The discount deal provider on choosing alliance over investment – and why recruiting a web developer is like finding a needle in a haystack

Name:Paul Fisher
Age:34
Company:Buyometric
Staff numbers:Three
Company description:Discount deal provider
Tell us what your business does:

Buyometric matches time-limited daily deals and flash sales with the people who want to see them.

Where did the idea for your business come from?

I love the special offers that you can find through services like Groupon and Living Social, but started to get frustrated with the amount of cellulite and liposuction deals that cluttered up my inbox every morning. At the time I’d been developing a jobs website that filtered positions according to a user’s fine-grained preferences and thought the technology would work well to help me sort my daily deals.

How did you know there was a market for it?

Initially I developed the site for my own use and it worked brilliantly. I kept it to myself for about a month, then told a few friends – who became avid users. It was clear that this was something that people could use on a larger scale. From day one the concept has been about delivering the right deals to the right people. What started as a simple categorisation system now uses a whole range of signals to determine whether to present an offer to a user – including analysis of past behaviour. It keeps improving over time.

What were you doing before starting up?

I’m a self-taught web developer, having graduated from university with a Psychology degree. Before Buyometric I was part of a small team working on another start-up. We were struggling to gain traction, so I was doing a lot of freelance web development work to get by.

Have you always wanted to run your own business?

I’ve never considered any other way of life! Whether it’s been working on start-up businesses or working as a freelance developer, I’ve never really considered working for someone else.

What planning did you do before you started up?

Where possible, I’d advise against too much planning. It stops you from getting on with the job.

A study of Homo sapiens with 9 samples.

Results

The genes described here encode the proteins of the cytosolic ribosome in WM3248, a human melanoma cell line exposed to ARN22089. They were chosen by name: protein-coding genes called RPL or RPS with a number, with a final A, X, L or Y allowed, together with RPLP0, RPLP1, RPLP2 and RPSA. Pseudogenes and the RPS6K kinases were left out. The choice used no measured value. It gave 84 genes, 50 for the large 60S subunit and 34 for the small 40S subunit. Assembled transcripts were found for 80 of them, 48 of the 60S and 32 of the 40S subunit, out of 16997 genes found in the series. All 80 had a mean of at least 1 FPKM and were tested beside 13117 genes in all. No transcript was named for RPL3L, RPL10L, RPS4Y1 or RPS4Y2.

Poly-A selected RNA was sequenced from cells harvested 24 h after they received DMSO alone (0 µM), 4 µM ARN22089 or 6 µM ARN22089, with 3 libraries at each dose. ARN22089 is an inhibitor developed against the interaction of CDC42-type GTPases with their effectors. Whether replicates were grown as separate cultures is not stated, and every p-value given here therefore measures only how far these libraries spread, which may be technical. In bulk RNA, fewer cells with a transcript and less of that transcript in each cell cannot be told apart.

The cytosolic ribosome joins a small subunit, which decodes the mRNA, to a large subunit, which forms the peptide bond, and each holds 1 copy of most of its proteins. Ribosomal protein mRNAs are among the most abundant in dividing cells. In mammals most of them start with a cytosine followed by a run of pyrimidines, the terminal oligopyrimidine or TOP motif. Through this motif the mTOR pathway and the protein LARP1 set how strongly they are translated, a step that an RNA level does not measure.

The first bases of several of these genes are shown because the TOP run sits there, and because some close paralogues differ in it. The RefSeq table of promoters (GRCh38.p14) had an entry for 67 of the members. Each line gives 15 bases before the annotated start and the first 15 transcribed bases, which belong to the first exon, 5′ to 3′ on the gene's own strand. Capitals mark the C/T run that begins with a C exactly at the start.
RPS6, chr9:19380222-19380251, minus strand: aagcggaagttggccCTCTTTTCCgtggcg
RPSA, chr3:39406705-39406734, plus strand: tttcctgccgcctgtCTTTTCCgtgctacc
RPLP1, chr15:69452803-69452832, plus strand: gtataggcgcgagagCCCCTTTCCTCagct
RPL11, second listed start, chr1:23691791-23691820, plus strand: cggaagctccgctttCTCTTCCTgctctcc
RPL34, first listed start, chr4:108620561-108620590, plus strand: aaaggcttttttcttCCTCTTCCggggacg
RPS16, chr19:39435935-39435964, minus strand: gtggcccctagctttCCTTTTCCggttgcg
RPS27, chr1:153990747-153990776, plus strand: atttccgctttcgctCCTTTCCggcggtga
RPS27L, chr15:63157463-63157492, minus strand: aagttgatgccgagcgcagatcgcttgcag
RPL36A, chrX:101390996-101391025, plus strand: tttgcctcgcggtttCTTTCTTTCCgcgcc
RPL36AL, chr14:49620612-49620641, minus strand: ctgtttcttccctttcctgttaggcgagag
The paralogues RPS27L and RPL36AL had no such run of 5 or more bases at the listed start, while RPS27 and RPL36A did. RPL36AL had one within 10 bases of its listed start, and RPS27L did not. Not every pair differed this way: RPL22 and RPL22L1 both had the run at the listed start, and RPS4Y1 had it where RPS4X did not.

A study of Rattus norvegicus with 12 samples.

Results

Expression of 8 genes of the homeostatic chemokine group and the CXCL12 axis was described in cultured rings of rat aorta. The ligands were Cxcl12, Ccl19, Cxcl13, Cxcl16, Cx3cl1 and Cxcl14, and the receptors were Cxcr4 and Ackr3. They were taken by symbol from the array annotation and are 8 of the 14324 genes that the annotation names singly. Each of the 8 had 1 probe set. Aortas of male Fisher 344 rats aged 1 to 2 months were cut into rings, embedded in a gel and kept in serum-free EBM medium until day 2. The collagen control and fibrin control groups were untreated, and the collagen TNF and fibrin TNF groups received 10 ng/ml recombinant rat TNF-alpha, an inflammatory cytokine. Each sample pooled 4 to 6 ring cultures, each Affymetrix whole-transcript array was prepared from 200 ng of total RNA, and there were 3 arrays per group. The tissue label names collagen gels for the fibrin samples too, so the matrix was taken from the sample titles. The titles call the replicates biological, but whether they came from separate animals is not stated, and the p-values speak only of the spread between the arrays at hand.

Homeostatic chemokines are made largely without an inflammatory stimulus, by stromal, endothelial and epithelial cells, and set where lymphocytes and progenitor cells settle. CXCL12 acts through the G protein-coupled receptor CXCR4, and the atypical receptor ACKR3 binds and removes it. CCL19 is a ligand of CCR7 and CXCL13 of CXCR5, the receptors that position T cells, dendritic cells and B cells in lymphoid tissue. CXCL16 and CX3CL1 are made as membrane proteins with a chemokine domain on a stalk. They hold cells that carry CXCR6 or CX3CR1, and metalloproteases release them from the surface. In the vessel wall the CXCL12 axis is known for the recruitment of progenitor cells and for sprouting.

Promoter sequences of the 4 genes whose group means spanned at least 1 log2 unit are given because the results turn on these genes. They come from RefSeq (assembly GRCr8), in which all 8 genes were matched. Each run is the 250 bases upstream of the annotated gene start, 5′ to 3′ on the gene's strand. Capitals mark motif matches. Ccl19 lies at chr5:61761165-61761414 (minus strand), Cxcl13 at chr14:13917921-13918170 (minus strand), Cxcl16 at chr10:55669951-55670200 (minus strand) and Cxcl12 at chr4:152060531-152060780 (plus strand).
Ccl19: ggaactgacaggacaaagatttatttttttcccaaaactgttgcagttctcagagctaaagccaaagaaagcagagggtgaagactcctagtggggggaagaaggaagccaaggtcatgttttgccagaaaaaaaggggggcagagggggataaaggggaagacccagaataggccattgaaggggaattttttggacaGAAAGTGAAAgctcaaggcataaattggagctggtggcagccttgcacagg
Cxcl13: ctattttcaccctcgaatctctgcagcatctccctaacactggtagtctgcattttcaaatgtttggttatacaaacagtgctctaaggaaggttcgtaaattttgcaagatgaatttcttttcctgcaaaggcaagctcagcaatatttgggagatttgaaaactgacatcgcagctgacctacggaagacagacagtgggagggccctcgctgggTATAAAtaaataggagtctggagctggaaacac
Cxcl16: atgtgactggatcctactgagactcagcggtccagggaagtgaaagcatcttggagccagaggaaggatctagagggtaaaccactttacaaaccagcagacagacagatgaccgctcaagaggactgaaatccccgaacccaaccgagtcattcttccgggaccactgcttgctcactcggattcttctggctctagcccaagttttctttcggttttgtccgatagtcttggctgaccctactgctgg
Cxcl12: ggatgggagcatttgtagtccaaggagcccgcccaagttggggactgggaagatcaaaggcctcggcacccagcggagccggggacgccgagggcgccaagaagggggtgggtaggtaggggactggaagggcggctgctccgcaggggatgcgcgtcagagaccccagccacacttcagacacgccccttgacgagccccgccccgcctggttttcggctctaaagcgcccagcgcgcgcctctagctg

I decided to create a rough product first and put it out there. The reaction I got was all the research I needed. My previous start-up was meticulously planned but never gained traction with its potential customers – meaning we wasted all that planning time on a dead-end product.

How did you raise the money?

We knew that if Buyometric had users, it would generate revenue. So instead of exchanging equity for cash, we sought out a partner with marketing muscle and a large existing user base. We partnered with Fubra, the owner of PetrolPrices.com, and gave a share of our company in return for access to their three million price-sensitive subscribers – and help with marketing to them.

What is your current turnover? £200,000

Where is your business based?

Initially our small team worked remotely from our own homes, then we started taking up free trials in serviced offices around London – until we were asked to stop! We’ve now moved to our own offices in London Bridge.

What has your growth been like?

We make a percentage of every deal sold. As we’ve increased in size, we’ve worked hard to increase our share of the sales we generate, because of the scale we can provide to deal providers.

We’ve bootstrapped the business so have never let our costs exceed our revenue. We’re now growing rapidly – increasing our revenue by 50% each month.

What’s the impact on your home life been like?

Much of our work happens early in the morning, as Buyometric sends users a tailored list of deals at 8am. Initially this involved getting up at 5am every day, including Christmas Day and New Year’s Day – which didn’t win me many points at home. Luckily the technology does most of the heavy lifting now – although I’m still working a good 12-hour day.

What would you say the greatest difficulty has been in starting up?

Finding the right staff has been incredibly difficult and frustrating. Despite poor economic conditions, it remains challenging to find talented developers in the London market. It’s something we’re going to have to overcome so that it doesn’t start to impede our growth. We’re actively recruiting!

What was your first big breakthrough?

Our first big breakthrough was deciding to forego cash investment, instead signing the deal with Fubra. Their users have allowed us to become the market-leading deals aggregator in a relatively short period of time – which has allowed us to punch above our weight when dealing with our suppliers. I honestly don’t know whether a huge marketing budget would have gained us the number of users that we have now.

What advice would you give to budding entrepreneurs?

Firstly, meet as many people as possible and then stay in touch with them via social media. I’ve lost count of the number of times that someone I’ve once met has provided the key to a locked door. Secondly, get your idea out in front of your potential customers. Keep it simple and keep iterating, then build on success when you find it. Lastly, don’t be afraid of abandoning a failing venture. Don’t leave it too long and use what you’ve learned to try something new.

Where do you want to be in five years’ time?

We’re going to stay focused on our users. The better we understand them, the more relevant we can make our service. The daily deals space may be unrecognisable in five years’ time, but we’re betting that people will still be interested in special offers and getting a good deal – whatever the medium of delivery.